Graduating seniors plan to teach abroad

Ryan Derham
Co-Global Editor

There are quite a few graduating seniors who are planning to venture outside the

Goucher students abroad in Paris posing infront of the Eiffel Tower last spring (Photo: Courtesy of Sarah Rubinstein ‘14)

Goucher students abroad in Paris posing infront of the Eiffel Tower last spring (Photo: Courtesy of Sarah Rubinstein ‘14)

United States next year. Three graduating seniors, in particular, Sarah Rubinstein, Ben Scrimshaw, and Fundi Fihlani, will all be teaching abroad after graduation. For some, it is a break from undergrad, a time to figure out what to do next. For others it is returning home.
In Fihlani’s case, South Africa is where she was born and she will be returning there after graduation to teach. Rubinstein will return to France, where she studied abroad for her junior year. And Scrimshaw will return to Vietnam, where he studied the summer following his freshmen year. While each is going to a different country and for different motivations, they are all lured back to a country they have connections with.
Fihlani’s connection may run deeper than others. In South Africa is her entire family, including her son. She came to Goucher through a scholarship available through the Office of International Studies. Now, she is among one of those students who came to teach at her high school. She said, “I only came here to study.” She had no plans to stay, but after having taught in both Baltimore and South Africa she said, “when comparing the two, yes there is a need for good teachers here, but also there is a need for teachers in South Africa as well. Especially when it comes to special education teachers.” She hopes to help spread the message of special education to other teachers even though there is no formalized system. And of course another influence to return home is that “you don’t get any snow in South Africa. That’s one motivator.”
Rubinstein is teaching English to primary school children through the Nantes Académie. The program she is using is called the Teaching Assistants Program In France, which is run through the French government. On making this decision she said, “I don’t want to go directly to grad school and I don’t know really what I want to do.” She studied abroad in Paris and knew that during that time “I grew up a lot and became more independent.” While she had a positive experience living abroad, she was also inspired by her sister whom is currently living abroad in Berlin. She might be scared to find housing on her own, but being in the same time zone as her sister is comforting. Going back to this place will help her reflect on what her next steps might be, all while drinking wine, eating cheese, and meeting “silly French children.”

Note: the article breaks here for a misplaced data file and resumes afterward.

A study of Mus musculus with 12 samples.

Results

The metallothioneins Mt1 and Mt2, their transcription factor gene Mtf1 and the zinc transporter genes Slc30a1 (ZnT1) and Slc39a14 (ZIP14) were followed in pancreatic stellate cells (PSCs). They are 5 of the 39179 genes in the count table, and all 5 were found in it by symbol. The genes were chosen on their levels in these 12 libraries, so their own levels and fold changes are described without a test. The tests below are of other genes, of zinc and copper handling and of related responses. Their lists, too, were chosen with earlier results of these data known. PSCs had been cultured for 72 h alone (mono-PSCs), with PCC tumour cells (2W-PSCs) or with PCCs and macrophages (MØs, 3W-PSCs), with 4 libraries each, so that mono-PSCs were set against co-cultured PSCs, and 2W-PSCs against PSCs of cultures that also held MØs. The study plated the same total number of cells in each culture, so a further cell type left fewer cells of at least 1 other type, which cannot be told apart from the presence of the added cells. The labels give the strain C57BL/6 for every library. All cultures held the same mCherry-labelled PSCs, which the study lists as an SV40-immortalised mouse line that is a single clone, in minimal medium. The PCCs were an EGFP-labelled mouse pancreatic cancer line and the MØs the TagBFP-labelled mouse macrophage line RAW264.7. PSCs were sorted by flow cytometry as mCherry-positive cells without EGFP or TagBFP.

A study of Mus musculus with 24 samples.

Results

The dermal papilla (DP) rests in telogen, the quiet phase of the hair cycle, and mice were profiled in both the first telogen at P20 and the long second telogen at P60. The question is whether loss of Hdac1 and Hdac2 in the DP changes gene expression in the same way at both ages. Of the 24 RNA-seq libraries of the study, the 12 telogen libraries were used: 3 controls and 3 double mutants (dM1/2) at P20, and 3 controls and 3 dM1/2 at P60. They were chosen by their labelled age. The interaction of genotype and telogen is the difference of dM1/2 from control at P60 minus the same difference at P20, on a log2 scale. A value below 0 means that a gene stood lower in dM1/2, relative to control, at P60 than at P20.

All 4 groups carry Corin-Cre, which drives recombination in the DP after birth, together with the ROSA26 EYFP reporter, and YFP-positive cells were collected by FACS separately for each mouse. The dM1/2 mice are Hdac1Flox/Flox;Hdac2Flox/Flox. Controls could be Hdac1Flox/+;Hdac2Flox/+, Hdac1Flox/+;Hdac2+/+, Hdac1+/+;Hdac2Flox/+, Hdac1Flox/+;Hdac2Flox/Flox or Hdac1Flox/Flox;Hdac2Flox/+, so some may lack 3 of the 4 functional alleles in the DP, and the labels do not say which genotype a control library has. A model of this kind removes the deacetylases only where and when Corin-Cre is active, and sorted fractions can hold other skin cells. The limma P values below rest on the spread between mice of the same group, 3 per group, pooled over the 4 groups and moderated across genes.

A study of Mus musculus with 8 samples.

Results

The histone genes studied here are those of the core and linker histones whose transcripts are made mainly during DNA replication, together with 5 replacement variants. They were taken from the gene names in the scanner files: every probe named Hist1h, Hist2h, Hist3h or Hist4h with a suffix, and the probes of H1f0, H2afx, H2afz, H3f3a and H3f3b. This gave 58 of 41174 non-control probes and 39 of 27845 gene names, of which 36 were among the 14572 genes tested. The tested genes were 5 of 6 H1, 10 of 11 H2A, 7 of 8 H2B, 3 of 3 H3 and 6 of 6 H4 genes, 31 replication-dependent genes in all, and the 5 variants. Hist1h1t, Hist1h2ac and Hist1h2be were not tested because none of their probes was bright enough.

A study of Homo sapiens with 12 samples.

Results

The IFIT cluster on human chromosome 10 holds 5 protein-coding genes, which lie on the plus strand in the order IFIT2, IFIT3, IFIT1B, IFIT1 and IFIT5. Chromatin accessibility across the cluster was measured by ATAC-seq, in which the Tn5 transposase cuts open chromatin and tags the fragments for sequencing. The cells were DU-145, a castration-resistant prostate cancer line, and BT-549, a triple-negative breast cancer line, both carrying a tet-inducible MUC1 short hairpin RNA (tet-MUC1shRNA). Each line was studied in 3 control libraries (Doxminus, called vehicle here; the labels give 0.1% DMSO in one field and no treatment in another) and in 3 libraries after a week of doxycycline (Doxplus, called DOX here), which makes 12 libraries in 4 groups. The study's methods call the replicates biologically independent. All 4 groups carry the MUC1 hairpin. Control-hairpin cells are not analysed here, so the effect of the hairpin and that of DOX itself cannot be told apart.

Scrimshaw is teaching for a program called Princeton in Asia.
He describes himself as someone who likes to travel and move around a lot, so he knew early on that this is what he wanted to do after graduation. While he originally applied for a position in China, Laos, or Cambodia, he was just as pleased with Vietnam. “I originally didn’t put Vietnam on my list of places … but they offered me a job in Vietnam and I took it in a second.” Because he visited Vietnam before, he wanted “something new.” As he remembers the time he spent there previously, he is also excited to see his old friends again and to navigate the world of education. Scrimshaw said, “I just figured out how hard it’s actually going to be.” To alleviate this initial fear, he plans on taking language courses.
Each of these Goucher students has their own unique excitements and fears as they speak about their impending travels, but their commitment to their own education and the education of others is clear. Fihlani aims to expand the understanding of special education, but also to strike a balance between English and the mother tongue. Rubinstein switched majors from psychology and studio art to French and Gender Studies. This shift influenced her decision to go abroad and to increase her fluency. Each student will have their own experience driven by the common goal to return to places that once, and still do, mean so much to them.
As Scrimshaw concluded “I don’t know what to expect, so I’m not trying to put it into words or thoughts.” The post graduation life is scary with so many possibilities at hand. These students from Goucher embraced those possibilities and seek to expand them in three different corners of the globe.


  1. Eric singer says:

    In the interest of accuracy, her scholarship was not through the education in South Africa ICA. It was through the Office of International Studies.